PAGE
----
Professor Profiles

Sara Carpenter

Sara Carpenter, PhD, MA

Associate Professor


Educational Policy Studies

About Me

I came to the University of Alberta following four years of teaching at the University of Toronto. Prior to teaching at UofT, I received my doctoral degree in Adult Education and Community Development (2011, OISE/University of Toronto) and a master's degree in Community Education (2005, University of Minnesota). I have worked as an adult educator in both community organizations and higher education and my research interests are informed by my work with refugee and migrant populations as well as feminist, anti-poverty, and immigrant rights campaigns. 


As a critical education scholar, I consider my work to involve two inner-related lines of inquiry. In one respect, I work with a wonderful group of feminist collaborators to develop the line of Marxist feminist theoretical analysis of education, learning, and social change. In another regard, my training in institutional ethnography leads me to 'study up' into institutions, examining organizational processes in order to better understand the reproduction of capitalist social relations. My research interests include:
  • Marxist Feminist theories of state, civil society, democracy, and social reproduction
  • Young adults, precarity, and social crisis
  • Politics of not-for-profit sector, civil society, and NGOs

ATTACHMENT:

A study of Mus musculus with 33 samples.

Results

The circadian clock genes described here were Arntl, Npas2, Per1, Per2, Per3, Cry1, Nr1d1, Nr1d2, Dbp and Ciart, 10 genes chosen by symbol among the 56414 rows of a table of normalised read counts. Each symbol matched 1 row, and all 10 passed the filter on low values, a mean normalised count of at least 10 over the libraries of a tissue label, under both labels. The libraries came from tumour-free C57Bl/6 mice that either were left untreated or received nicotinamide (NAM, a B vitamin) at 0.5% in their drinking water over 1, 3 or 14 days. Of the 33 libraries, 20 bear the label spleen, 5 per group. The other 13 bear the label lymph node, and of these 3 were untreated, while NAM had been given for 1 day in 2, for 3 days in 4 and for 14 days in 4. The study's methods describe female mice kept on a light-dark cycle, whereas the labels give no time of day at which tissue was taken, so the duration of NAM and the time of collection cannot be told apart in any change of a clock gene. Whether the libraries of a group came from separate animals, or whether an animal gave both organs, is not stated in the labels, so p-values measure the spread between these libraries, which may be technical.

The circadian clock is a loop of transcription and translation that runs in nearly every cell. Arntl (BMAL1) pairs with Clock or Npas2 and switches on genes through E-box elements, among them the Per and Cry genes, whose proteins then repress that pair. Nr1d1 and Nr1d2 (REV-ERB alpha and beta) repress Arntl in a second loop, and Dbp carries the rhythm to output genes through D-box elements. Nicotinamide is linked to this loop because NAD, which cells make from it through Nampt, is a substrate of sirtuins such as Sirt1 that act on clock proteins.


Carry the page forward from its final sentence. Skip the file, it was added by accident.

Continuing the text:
• Reproductive labor in not-for-profit sector
  • Capitalism, neoliberalism, and imperialism
  • Marxist and feminist critical pedagogies and popular education

Current Research Projects

1. Youth in Transition: War, Migration, and 'Regenerative Possibilities' (SSHRC Insight 2015-2020)

2. Postsecondary Education as Prerequisite: Understanding University Access and Bridging Initiatives for Adult & Non-Traditional Learners (SSHRC Insight 2018-2021)

3. Precarious & Non-Status Migrants in Education: Demographic Footholds (KIAS Research Cluster 2019-20)


I teach a variety of courses in Adult, Community, and Higher Education, including foundations, social movement learning, popular education, and learning and work. I also teach graduate courses in research methodology and contribute to our undergraduate program through teaching and learning about the sociology of public schooling. A large portion of my graduate teaching takes place through thesis supervision and mentorship. I work with students with whom I share subject area, theoretical, or methodological interests. Thus, my students work on a wide range of projects from critical theoretical orientations, including access to education, transformation of cultural institutions, migration justice work, and feminist institutional analysis.